Friday, January 12, 2007

Carmack's Back

Having not heard anything from the guys at Id in a while (then again, I don't follow the hardcore space so closely anymore), a long interview with him popped up on Game Informer.

I've always been a fan of Id's games, and of Carmack as a developer. While they seem to have fallen behind guys like Valve and Epic in terms of their development model (old skool small team vs large team w modular development, etc), I secretly (not so secretly, I guess) root for Carmack to come out and ship something that kicks everybody's ass.

Of note, this quote about Gfx HW, and when and what users should upgrade to:

I don’t think that there’s any huge need for people to jump right now. All the high-end video cards right now—video cards across the board—are great nowadays. This is not like it was years ago, where they’d say, “This one’s poison, stay away from this. You really need to go for this.” Both ATI and Nvidia are going a great job on the high end.

Wow. It's not just me then. If HE doesn't care about the latest and greatest graphics, then who does?

Also, a game-biz-101 bit from Todd Hollenshead for those that think that digital distribution will make their publisher-dependence woes go away (Steam is the topic of discussion, but to be fair, they are just a proxy here for all digital distribution services):

there were serious flaws in the economic analysis that [Valve] laid out for developers. The problem for most developers is not one of not getting paid enough once the game is out, it’s that they don’t have the seed funding necessary to internally fund development of their titles. That’s why they work for publishers on milestone schedules and advances against future royalties, and Steam offers no solution for that. It also doesn’t offer any solution for the marketing spend question, where if developers don’t even have enough money to fund themselves internally to develop their product, then they’re not going to be able to pay for a multimillion dollar marketing campaign, which is a huge amount of risk that as an industry standpoint is offloaded from developers to publishers.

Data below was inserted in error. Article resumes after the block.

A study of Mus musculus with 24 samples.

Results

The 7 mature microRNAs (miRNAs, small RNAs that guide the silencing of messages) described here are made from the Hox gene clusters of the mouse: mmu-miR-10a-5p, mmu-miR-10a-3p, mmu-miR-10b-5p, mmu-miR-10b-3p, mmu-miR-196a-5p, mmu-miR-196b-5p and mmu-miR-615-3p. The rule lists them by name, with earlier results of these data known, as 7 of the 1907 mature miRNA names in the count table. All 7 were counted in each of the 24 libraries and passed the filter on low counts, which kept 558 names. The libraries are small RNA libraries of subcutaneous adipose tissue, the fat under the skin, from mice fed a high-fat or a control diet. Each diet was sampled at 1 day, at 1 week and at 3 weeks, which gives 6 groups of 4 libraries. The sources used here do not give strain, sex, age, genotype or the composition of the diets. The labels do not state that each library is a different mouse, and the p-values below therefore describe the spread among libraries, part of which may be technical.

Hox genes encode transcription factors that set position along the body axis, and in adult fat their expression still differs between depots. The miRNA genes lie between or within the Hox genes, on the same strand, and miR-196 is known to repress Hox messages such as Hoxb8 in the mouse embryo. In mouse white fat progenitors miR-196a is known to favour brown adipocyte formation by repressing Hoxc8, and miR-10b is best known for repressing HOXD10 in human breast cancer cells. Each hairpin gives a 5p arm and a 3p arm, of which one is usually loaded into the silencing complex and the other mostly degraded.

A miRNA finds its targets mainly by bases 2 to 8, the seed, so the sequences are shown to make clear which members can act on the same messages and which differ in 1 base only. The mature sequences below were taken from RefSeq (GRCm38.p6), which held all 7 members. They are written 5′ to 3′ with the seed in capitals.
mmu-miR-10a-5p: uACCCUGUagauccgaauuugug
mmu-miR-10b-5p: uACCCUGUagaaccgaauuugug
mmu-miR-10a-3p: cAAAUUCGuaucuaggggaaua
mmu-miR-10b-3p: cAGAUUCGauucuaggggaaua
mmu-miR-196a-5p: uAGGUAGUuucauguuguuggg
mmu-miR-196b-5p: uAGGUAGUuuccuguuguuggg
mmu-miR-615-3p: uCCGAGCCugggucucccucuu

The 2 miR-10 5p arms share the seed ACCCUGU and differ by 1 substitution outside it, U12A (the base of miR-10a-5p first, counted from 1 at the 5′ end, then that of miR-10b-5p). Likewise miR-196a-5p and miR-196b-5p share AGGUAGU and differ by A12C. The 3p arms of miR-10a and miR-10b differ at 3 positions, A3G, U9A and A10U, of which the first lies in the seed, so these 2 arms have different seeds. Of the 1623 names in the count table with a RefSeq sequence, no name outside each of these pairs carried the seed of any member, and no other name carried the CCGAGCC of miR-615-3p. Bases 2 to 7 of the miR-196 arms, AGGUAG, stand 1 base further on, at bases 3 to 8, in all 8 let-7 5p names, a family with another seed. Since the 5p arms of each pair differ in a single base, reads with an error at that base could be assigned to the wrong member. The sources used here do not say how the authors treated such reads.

1 comment:

archie4oz said...

Well anybody who's done indy work or even been in the game industry (or hell just done any commercial software development) could've seen through Valve's "economic analysis" in a heartbeat. All Steam really solves is distribution (and to a lesser extent simplies some of the eCommerce aspects).

And in the end you don't really need Steam to do even that. The biggest hurdles are generally like Hollenshead says; money. IMO the main speedbumps are time if you (or your team) have real jobs to pay bills. The next becomes money once you've managed to break away from needing a day job to fund your game development.